YOU NEVER FORGET YOUR FIRST LAMBORGHINI.
For me, that moment was 15 years ago in Sardinia. Just the other day, when I levered myself into the new Lamborghini Huracan (picture left; see Wheels, page 56), the memories came flooding back.
My first was a Diablo, which as you may know means Devil. The track-oriented rear-wheel-drive Diablo GT was to be the last and greatest of the line (though the 4wd VT released later ultimately had the honour of being last). It was arguably the greatest, with its V12 stroked out to 6 litres, taking outputs to 429 kW and 639 N.m. Just 80 GTs were made.
As the only South African on the world launch I travelled alone; for 30 hours, from memory. I was pretty wiped out on arrival and the prospect of even a hotel bed seemed quite inviting.
But my hosts insisted I go out for a drive with one of their own.
So I squeezed in alongside wiry, thirtysomething, personable Antonio Leandro. There was the hint of a swagger in his manner: you know, I drive karts for fun and Lambos for a living.
We drove quite briskly up the freeway and back, before we exited to a secondary road. Sideways, in a perfectly executed power slide.
We were, as they say, proceeding at a speed in excess of the island’s nominal 80 km/h limit when up the road a uniformed figure stepped out, palm upraised. Antonio jumped on the brakes.
I didn’t understand much about the animated discussion with the carabinieri that ensued, though I did recognise primavera and nuovo. By now the speed gun was forgotten. Under the raised bonnet, heads nodded gravely, lower lips protruded. Eventually, reluctantly, they waved us on with something that sounded like it might have been the local equivalent of “Go with God.” At about the same time, a woman driver, the local equivalent of a soccer mom in a hurry, was brusquely waved down. It looked like she was in trouble.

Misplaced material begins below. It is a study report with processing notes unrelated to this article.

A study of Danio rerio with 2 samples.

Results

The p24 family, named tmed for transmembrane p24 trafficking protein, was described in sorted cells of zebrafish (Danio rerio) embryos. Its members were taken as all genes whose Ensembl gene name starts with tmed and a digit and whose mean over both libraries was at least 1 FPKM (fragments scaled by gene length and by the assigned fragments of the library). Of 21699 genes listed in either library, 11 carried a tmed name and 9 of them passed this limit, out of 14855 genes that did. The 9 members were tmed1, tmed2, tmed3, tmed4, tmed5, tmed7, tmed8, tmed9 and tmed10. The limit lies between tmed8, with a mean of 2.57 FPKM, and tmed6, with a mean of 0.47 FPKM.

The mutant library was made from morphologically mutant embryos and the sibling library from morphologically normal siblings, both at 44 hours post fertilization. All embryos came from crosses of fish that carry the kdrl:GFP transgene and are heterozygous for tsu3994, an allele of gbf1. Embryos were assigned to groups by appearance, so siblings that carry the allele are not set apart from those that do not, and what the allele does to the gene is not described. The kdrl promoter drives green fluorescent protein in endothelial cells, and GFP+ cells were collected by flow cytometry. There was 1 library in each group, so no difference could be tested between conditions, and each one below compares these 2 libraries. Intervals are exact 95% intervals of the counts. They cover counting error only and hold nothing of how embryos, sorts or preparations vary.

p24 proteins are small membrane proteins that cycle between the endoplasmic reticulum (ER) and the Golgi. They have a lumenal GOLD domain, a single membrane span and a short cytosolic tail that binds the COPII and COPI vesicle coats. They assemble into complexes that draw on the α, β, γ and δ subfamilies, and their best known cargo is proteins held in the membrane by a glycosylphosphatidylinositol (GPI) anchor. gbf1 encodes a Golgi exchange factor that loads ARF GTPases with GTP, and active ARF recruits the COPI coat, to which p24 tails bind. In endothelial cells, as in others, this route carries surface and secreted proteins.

She was driving only a station wagon, after all.
By the way, the GT was said to be the first Lamborghini capable of more than 200 miles per hour, or in metric terms 320 km/h. I can’t vouch for that, but I do recall having seen 310 on the speedometer.
So it went for an hour or two, until, now thoroughly awake but considerably more tired out, I returned to the hotel for my overdue nap.
Later that evening, when I headed into the foyer for dinner it was obvious something was wrong. “Haven’t you heard?” one of the other visiting journalists hissed. “One of their guys got killed.” Antonio. He’d been taking a prospective customer out and, at fatally high speed, rear-ended a vehicle that moved out in front of him. The Diablo was a burnt-out wreck, the passenger miraculously alive. Antonio didn’t make it.
Was it really worth going on? Shouldn’t we just pack it in and go home?
On a sunny Sardinian morning, a twisty mountain road, the clack-clack of the gearshift lever through the gleaming gate with its awkward dogleg to First, made doubly awkward for someone accustomed to right-hand drive.
The body’s daunting width. The almost complete absence of rearward visibility, forcing the then-new idea of a rear-view camera. (Without that camera, I’d probably still be making a 374-point turn on that gravel side road we took by mistake.)
And, of course, the sheer brutal drama of it all. The explosion of sound at start-up, the spine-tingling bellow under acceleration, the thundering performance.
The words came easily when the time arrived to write up my memories of the drive. And I chose to focus on life, not death.
It was when I came to choosing pictures I felt a sudden chill. My press kit showed a Diablo GT in that distinctive Lamborghini orange. In various poses; some driving, some static. There was something terribly familiar about the person at the wheel, though. Irony of ironies: it was Antonio.
For one reason and another, you never do forget your first Lamborghini.